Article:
By Annie Panageas

In our constant news feeds about the latest celebrity diet and the next political statement, a headline that could affect more people than usual might have slipped past you concerning Acute Flaccid Myelitis (AMF). It has been called a “polio-like illness” due to the damage it causes to the muscles and spinal cord. This disease affects the grey matter, which is the darker tissue in the brain and spinal cord consisting mainly of nerve cells, and causes the muscles to become weak, and reflexes in the body to become slow. While it can affect a person of any age, the outbreak has mainly affected children. According to the CDC, the cases in children “began to surge in 22 states with 127 cases being investigated and 62 cases confirmed” as of October 2018. For example, in the state of Minnesota, and those with similar climates, there are usually no cases or up to 1 case of AFM per year in each state. As of December 2018, there had been 10 confirmed cases and about 130 more cases under review. While this past year has seen a recent surge in cases, the CDC says that there has been a steady increase in cases since 2014 across the United States.

The symptoms of AFM include facial drooping, weakness, trouble moving the eyes, drooping eyelids, trouble swallowing and breathing, and slurred speech. These symptoms, along with a lack of information on the subject have made it difficult for doctors to properly diagnose people with this illness. Because of the lack of research in the past, the need for answers has never been more pressing. Because the symptoms that AMF causes are present in various other diseases, the one thing that doctors can do is treat those individual symptoms. While treating the symptoms is helpful, it does not help the overarching disease that is occurring in the spinal cord and respiratory system.

One of the few known facts about AFM is that its cause could be either environmental toxins or viruses such as poliovirus, enterovirus A71, and West Nile virus. At the end of 2018 there was still very little known about this disease, and doctors and researchers were still looking for more information about treatment options. As of the beginning of 2019 it has been confirmed that this disease is a respiratory virus that is causing the grey matter to become infected in the spinal cord, which can lead to worsened conditions within hours, including paralysis.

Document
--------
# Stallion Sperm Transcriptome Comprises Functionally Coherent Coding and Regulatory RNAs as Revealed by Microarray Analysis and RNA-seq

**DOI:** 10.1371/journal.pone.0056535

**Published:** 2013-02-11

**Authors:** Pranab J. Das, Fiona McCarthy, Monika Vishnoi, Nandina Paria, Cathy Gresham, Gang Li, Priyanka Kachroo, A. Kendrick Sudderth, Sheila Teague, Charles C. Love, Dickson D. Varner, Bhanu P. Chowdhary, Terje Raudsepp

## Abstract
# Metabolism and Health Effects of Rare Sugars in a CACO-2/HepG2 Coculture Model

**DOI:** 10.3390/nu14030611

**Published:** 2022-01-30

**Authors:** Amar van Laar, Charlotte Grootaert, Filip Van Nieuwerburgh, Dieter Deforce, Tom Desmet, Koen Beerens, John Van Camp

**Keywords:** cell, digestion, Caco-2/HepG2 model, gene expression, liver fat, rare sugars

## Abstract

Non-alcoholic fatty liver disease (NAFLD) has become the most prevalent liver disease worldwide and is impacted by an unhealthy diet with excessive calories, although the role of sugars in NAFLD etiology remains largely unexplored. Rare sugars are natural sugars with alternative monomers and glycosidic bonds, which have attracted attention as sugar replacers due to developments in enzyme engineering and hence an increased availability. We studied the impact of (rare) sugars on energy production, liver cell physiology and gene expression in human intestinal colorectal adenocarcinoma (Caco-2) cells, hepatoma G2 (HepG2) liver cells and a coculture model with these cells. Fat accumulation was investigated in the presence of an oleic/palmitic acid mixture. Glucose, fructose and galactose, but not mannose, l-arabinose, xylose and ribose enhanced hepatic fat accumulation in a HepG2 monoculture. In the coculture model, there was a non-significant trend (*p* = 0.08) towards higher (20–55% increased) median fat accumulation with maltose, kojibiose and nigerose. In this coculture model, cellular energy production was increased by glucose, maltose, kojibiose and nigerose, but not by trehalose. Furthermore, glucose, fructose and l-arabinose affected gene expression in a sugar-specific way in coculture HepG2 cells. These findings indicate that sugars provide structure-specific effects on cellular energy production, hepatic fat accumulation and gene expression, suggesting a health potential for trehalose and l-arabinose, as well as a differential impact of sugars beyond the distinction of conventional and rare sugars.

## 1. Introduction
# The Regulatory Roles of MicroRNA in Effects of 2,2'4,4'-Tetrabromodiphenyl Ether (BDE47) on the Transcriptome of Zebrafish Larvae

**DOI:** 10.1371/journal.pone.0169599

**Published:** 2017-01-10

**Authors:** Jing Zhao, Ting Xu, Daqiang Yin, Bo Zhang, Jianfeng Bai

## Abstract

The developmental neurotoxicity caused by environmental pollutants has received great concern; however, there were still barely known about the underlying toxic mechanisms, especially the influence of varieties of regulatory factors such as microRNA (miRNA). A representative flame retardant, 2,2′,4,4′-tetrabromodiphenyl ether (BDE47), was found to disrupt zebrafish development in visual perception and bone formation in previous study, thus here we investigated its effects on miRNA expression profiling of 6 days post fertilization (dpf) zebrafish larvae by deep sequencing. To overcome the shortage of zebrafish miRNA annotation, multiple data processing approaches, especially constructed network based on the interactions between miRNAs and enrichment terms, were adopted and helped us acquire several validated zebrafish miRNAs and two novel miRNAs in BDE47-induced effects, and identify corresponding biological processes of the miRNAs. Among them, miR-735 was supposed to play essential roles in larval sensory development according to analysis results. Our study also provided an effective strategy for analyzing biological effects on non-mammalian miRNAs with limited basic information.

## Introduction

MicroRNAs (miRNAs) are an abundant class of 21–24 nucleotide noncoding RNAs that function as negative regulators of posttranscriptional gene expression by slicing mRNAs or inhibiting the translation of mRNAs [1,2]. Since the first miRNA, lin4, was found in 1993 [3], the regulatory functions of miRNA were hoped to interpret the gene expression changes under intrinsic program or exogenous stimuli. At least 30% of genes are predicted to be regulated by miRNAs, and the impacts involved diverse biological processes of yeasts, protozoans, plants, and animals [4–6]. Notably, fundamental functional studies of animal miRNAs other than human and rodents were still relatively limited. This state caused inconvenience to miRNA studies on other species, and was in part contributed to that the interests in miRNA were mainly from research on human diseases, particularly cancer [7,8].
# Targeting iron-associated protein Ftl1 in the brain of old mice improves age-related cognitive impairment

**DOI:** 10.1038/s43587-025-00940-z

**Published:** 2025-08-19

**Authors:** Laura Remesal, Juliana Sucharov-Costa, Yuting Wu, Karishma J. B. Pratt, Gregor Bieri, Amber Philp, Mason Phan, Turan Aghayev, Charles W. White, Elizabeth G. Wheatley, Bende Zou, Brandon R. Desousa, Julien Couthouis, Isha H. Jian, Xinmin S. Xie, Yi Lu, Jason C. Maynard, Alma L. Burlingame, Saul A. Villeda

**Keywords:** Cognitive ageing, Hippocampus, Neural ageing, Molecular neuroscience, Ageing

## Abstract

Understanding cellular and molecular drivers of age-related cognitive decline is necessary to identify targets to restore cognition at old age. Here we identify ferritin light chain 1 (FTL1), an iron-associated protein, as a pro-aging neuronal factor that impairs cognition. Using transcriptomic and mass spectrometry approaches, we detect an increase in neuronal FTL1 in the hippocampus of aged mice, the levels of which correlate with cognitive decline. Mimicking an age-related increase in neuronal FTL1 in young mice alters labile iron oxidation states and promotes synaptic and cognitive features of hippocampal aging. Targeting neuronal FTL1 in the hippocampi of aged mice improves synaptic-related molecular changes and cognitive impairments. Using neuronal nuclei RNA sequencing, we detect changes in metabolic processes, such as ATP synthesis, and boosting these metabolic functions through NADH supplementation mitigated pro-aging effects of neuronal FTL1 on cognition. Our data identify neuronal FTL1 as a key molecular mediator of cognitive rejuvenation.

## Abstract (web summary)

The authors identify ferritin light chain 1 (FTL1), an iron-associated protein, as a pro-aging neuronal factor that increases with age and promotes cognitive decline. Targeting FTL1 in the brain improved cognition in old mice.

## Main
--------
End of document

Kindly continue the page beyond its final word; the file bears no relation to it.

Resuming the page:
While more information is uncovered, initiatives can be taken to help those that have been affected and prevention measures can be investigated. Because AMF has been linked to a respiratory virus and possibly environmental toxins, places such as the Cleveland Clinic have compiled a list of preventative measures that can be taken. Be sure to get vaccinated, especially for the Polio virus, try to steer clear of mosquitoes, wash your hands, be careful around others who are sick, and don’t share things such as straws, cups, or utensils. These measures can also be followed by people who have been affected so as to prevent further infection. With more and more research coming out every month, a way to help those affected  may be closer than we think.

 

RESOURCES

  1. https://medlineplus.gov/acuteflaccidmyelitis.html
  2. https://www.cdc.gov/acute-flaccid-myelitis/about-afm.html
  3. http://www.health.state.mn.us/divs/idepc/diseases/afm/index.html
  4. https://thehill.com/policy/healthcare/411657-cdc-confirms-62-cases-of-polio-like-illness-in-22-states
  5. https://my.clevelandclinic.org/health/diseases/17991-acute-flaccid-myelitis/prevention
  6. https://medicalxpress.com/news/2018-10-acute-flaccid-myelitis-afm-rare.html

 

My name is Annie Panageas, I am from Bayonne, New Jersey and a sophomore in the Forensic Science and Law program. I am interested in forensic toxicology and pursuing a BA in biochemistry with a focus on toxicology, a double minor in math and Italian, as well as a master’s in forensic science. In my free time I love to hang out with my friends, watch Netflix, and go swimming and hiking.

 

Cite this article: 

Panageas, A. (2019). Acute Flaccid Myelitis: A Dangerous Polio-like Illness. D.U. Quark, 3(2).